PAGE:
Breakfast: the most important meal of the day?
We all know that breakfast provides the body and brain with much needed fuel after an overnight fast.
We also know that eating breakfast may be good for your waistline too, as some research has shown that those who eat breakfast are less likely to be overweight.
But now there is another reason to tuck into your breakfast cereal. Recent findings published in the Nutrition Journal show that eating a morning meal can increase a brain chemical needed to regulate food intake and cravings.
Researchers at the University of Missouri-Columbia  found that people experience a dramatic decline in cravings for sweet foods when they eat breakfast. Furthermore, breakfasts that are high in protein also reduced cravings for savoury - or high-fat - foods. On the other hand, if breakfast is skipped, these cravings continue to rise throughout the day.
This study was conducted on sixteen overweight/obese ‘breakfast skipping’ young women. For the study, researchers examined the effect that different breakfasts had on participants' dopamine levels. Dopamine, a chemical released by nerve cells, plays a major role in the regulation of food intake by stimulating reward-driven eating behaviour. Dopamine levels were determined by measuring homovanillic acid (HVA), which is the main dopamine metabolite.
Eating initiates the release of dopamine, which stimulates feelings of food reward. This reward response is an important part of eating because it helps to properly regulate food intake. In fact, dopamine levels are blunted in individuals who are overweight or obese , which means that it takes much more stimulation - or food - to elicit feelings of reward. Similar responses are seen within breakfast-skippers.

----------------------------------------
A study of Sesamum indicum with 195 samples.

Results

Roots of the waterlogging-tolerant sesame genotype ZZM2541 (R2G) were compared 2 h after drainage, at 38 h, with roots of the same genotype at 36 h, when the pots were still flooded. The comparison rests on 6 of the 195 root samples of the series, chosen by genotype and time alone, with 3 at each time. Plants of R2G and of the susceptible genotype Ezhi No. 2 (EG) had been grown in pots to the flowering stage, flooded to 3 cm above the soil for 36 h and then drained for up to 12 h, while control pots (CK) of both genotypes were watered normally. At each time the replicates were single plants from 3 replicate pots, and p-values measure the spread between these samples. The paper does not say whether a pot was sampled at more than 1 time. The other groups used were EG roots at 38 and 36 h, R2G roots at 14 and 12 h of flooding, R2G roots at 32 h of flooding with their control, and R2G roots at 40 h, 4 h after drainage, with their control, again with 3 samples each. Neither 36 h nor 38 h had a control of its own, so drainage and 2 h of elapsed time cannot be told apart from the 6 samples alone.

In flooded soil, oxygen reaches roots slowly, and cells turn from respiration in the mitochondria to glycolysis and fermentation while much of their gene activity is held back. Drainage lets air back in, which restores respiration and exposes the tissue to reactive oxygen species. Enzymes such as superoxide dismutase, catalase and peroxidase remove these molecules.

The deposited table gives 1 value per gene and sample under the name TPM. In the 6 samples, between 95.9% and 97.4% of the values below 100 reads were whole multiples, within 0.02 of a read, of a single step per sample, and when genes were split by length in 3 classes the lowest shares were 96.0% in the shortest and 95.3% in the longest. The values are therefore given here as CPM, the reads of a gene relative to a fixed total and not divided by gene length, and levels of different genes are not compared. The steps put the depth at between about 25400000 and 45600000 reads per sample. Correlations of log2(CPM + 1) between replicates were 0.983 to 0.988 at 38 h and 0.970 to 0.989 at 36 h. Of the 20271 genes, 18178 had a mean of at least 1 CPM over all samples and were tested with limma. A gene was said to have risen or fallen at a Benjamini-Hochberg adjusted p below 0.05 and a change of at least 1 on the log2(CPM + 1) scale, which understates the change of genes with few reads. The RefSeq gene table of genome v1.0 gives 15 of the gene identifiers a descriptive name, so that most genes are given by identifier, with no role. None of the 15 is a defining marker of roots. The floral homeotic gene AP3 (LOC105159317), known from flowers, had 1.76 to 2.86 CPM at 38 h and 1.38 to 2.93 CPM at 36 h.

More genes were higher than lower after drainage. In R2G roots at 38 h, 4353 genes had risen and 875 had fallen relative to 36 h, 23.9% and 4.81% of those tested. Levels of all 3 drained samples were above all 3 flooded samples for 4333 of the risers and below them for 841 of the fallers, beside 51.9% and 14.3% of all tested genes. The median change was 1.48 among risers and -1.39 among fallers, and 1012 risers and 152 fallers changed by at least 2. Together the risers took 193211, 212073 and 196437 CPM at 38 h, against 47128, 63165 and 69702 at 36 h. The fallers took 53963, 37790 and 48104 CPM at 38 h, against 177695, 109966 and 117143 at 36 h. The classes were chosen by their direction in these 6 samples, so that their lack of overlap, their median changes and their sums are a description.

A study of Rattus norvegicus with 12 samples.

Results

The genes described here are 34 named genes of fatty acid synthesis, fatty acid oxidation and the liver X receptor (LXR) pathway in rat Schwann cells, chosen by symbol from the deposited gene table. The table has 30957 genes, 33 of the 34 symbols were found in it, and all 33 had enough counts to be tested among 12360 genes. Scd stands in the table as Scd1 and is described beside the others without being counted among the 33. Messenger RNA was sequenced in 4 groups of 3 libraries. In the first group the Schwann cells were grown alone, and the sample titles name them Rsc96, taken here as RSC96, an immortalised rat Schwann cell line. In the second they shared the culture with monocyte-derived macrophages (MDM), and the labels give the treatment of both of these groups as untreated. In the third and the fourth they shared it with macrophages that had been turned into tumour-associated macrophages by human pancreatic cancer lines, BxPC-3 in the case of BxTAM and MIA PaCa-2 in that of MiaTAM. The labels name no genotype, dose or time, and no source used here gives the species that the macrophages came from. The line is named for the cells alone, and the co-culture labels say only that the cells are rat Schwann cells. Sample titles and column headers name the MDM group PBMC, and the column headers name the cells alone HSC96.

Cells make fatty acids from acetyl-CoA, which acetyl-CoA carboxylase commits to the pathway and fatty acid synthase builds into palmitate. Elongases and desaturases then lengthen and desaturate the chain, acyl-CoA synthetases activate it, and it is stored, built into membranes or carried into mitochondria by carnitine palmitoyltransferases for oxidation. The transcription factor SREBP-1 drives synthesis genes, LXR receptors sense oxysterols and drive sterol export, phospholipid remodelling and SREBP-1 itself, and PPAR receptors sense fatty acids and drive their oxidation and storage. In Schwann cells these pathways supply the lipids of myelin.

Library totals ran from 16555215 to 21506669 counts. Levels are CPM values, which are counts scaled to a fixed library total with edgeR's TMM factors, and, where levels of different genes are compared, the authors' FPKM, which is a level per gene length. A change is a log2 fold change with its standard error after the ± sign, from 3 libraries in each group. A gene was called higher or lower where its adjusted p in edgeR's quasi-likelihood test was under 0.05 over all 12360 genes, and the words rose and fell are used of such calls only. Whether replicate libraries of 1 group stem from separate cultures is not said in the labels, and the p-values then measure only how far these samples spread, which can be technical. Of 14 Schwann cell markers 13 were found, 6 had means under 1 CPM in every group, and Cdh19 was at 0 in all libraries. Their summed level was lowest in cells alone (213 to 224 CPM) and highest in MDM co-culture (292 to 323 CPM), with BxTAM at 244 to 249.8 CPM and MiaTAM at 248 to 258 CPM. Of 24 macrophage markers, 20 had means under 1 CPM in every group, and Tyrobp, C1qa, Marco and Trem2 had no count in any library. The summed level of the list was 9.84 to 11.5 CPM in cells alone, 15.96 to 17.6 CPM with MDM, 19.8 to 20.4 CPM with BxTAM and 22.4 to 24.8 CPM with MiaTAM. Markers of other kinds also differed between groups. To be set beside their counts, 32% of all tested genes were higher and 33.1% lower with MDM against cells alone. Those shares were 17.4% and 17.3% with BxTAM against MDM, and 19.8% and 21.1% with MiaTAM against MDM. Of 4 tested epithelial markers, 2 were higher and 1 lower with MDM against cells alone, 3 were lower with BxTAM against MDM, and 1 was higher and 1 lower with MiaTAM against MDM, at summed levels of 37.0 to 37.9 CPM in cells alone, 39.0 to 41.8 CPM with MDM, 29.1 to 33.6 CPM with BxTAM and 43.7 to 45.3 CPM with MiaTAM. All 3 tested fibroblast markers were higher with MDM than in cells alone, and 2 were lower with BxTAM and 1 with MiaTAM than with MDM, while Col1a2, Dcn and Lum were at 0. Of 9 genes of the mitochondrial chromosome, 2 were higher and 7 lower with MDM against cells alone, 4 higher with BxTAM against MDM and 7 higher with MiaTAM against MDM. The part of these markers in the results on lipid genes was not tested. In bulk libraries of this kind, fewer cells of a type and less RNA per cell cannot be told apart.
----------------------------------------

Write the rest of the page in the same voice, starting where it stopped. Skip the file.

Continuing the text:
Researchers tried to identify dietary behaviours that provide these feelings of reward, while reducing cravings for high-fat foods, to counteract tendencies to overeat and to prevent the weight gain that occurs as a result of overeating. Eating breakfast, particularly a breakfast high in protein, seems to do just that.
The bottom line
Nowadays people are skipping breakfast more frequently. However, skipping breakfast is clearly associated with food cravings, which can lead to overeating and obesity. Taking just a few minutes to have breakfast, particularly one rich in protein, can not only make a real difference to your day, but also a real long-term difference to your waistline too!
You can learn more in our online Nutrition and Weight Management course
Written by Victoria Trowse
2. Wang GJ, Volkow ND, Logan J, Pappas NR, Wong CT, Zhu W, Netusil N, Fowler JS (2001). Brain dopamine and obesity. Lancet 2001, 357: 354-357.